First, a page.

Shadow prints are a simple way to witness the magic of Inkodye and create unique designs on any natural fabric.
This technique has many names and was popularized by Anna Atkins' cyanotype photograms, Man Ray's "rayographs" and the creations of many other artists including Pablo Picasso. Now you can easily recreate the same effect with Inkodye.
1. Find Objects
Start by finding objects that cast dark shadows. It’s best to start with objects that aren’t translucent.
Look around you, all kinds of things can create beautiful shapes and patterns. Try safety pins, gears, keys, paper cutouts or even a lace doily!
Ideas can come from anywhere: the kitchen, your office, the hardware store, a walk in the park...
Leaves and flowers make stunning prints, especially if you flatten them overnight inside a book.
Tip: Flat objects will produce crisper edges than objects that are more three-dimensional.
Find a workspace away from direct sunlight. A dim place inside a garage, a basement, laundry room or even under the shade of a tent in a park.
Inkodye reacts to ultraviolet (UV) rays from the sun. The type of light that will give you a tan is what makes Inkodye develop its color.
Inkodye is very permanent so make sure to wear an old shirt or apron.
One packet of Inkodye contains more than enough for your pouch. Use the rest for practice or to print another project!
Note: Inkodye contains ammonia, apply in a well-ventilated area.
3. Apply & Blot
Do not remove the cardboard pad inside your pouch, it will help keep things flat while printing.
Shake your Inkodye packet, then snap it in half and squeeze. Use the packet itself to spread a thin layer of Inkodye on the light side of the canvas pouch.
If you have a trouble reaching the corners, a foam brush can help spread the dye.
Using a paper towel blot the excess Inkodye off of the fabric. Your pouch should be slightly damp to the touch, not wet. Don’t skip this step! If the fabric is too wet your print may turn out blotchy.
Time to get creative! Place your objects directly on top of the coated fabric wherever you’d like their shadows to appear.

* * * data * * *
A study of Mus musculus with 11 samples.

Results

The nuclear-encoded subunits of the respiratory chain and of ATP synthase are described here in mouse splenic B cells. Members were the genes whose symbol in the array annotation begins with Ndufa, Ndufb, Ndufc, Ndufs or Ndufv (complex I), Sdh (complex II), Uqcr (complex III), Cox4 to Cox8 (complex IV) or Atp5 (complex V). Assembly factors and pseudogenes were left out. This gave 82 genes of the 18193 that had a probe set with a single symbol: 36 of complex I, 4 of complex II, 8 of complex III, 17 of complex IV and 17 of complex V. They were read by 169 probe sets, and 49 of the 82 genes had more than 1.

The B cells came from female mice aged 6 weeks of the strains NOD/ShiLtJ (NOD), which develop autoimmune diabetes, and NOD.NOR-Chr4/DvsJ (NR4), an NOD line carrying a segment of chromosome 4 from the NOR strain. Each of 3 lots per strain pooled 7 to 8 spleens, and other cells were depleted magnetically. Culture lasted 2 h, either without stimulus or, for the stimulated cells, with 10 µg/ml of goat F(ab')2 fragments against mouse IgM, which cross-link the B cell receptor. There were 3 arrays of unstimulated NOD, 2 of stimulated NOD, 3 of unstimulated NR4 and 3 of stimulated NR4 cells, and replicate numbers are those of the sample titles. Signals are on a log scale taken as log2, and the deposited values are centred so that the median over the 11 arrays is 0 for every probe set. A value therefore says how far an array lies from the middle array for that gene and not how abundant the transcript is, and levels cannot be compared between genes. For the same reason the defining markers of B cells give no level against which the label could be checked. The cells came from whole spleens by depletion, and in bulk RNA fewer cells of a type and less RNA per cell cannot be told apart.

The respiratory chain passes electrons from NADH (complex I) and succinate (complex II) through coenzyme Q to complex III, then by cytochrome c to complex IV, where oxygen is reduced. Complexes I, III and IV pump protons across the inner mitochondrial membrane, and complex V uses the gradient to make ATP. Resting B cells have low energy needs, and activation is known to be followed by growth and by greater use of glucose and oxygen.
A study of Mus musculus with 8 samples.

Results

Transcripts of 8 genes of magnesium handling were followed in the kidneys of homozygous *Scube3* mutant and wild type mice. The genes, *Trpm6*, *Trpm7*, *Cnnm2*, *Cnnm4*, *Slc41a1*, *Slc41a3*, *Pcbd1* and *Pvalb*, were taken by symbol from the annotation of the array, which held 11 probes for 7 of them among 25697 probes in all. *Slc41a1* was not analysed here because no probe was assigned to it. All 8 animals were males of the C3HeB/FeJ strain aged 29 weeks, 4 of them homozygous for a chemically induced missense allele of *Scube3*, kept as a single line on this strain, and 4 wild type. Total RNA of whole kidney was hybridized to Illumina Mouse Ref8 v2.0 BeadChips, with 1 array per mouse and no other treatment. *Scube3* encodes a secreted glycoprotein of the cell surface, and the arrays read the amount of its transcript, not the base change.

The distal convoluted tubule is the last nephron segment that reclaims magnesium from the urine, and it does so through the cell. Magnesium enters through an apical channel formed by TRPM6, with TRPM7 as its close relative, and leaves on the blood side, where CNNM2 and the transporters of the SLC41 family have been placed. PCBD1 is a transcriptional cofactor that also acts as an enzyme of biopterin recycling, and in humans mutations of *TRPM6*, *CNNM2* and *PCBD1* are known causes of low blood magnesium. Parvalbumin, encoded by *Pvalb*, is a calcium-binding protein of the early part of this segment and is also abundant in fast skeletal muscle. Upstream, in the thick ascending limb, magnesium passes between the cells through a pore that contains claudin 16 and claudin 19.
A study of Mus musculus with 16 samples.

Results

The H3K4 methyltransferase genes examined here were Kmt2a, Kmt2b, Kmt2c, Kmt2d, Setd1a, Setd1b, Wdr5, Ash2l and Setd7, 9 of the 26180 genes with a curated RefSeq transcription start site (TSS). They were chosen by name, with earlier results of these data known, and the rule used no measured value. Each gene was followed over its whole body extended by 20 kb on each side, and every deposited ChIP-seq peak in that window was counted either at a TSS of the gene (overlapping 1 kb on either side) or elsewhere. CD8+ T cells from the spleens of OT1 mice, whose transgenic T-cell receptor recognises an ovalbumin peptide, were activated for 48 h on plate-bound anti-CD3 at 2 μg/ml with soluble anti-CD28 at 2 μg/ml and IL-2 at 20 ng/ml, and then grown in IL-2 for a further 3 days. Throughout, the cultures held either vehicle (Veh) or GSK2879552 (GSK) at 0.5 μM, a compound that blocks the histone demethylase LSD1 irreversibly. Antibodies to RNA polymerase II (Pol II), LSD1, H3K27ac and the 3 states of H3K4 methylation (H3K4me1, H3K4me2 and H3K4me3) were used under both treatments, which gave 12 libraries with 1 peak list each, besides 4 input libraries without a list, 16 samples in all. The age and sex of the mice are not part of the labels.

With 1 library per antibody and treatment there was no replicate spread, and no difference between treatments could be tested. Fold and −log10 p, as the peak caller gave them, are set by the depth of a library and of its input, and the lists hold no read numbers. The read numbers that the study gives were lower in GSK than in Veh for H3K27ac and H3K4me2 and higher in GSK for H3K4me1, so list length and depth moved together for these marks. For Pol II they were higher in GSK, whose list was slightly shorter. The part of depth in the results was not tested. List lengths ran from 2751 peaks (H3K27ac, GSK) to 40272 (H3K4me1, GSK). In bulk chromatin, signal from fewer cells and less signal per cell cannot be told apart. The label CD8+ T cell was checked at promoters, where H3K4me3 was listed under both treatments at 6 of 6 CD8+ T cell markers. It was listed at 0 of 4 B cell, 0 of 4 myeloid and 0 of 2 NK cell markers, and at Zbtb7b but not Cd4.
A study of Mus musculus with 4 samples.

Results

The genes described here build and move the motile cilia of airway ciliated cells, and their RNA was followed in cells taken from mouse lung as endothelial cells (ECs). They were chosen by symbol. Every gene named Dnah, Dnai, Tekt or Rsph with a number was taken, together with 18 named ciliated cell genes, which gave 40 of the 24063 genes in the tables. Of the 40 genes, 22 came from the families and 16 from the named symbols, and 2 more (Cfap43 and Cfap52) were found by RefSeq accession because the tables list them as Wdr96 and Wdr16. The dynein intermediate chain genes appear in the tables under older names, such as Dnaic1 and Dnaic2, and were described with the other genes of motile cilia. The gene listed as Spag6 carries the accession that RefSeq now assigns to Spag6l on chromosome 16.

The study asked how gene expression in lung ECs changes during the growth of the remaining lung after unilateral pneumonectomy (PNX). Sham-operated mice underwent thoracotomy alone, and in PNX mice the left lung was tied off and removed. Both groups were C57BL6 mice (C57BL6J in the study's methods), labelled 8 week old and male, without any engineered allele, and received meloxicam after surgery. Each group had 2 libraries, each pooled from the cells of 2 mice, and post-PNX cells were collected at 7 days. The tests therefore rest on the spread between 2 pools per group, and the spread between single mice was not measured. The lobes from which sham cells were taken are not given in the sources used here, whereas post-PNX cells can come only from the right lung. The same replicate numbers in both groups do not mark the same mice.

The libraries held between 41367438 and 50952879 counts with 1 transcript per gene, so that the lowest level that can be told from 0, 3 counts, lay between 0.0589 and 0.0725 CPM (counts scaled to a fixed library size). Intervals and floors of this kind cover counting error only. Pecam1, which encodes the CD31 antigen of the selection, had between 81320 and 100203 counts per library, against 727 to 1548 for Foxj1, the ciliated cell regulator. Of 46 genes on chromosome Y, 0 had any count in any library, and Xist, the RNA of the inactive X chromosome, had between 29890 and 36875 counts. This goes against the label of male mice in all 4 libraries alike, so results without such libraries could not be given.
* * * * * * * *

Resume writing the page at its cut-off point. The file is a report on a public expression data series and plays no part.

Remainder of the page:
If your objects are very thin you can hold them down using the acrylic sheet. This is particularly useful to keep leaves or paper cutouts from blowing away in the wind.
If your objects are heavier or thicker you won’t need to use the acrylic.
Hold on to your socks! Things are about to get magical.
Take your project outside and let the sunlight reveal Inkodye’s color! At noon on a sunny day your print should develop in about 12 minutes.
Don’t bring your print in too soon. Even if the color seems fully developed, those last few minutes help set the color and ensure it won’t fade later on.
Cloudy day? Inkodye may take over 20–30 minutes to fully develop. If it’s windy make sure the fabric doesn’t move during exposure.
Ready to see what you’ve created? Take your project back inside, away from direct sunlight, then remove the objects to reveal your print!
Note: Your fabric is still sensitive to sunlight at this stage. If it gets exposed to light the white areas could develop color.
You’re almost done, but you still need to wash your print to remove the unexposed Inkodye.
Using Inkowash detergent, machine wash your prints on the HOT/COLD setting of your washing machine. For best results, wash your prints TWICE using Inkowash, after that you can wear and wash them as you normally would.
9. Bonus Tip
Love to draw? Try drawing on transparency film with an opaque black paint marker or fresh dry erase marker to block the sun and transfer your illustrations onto fabric.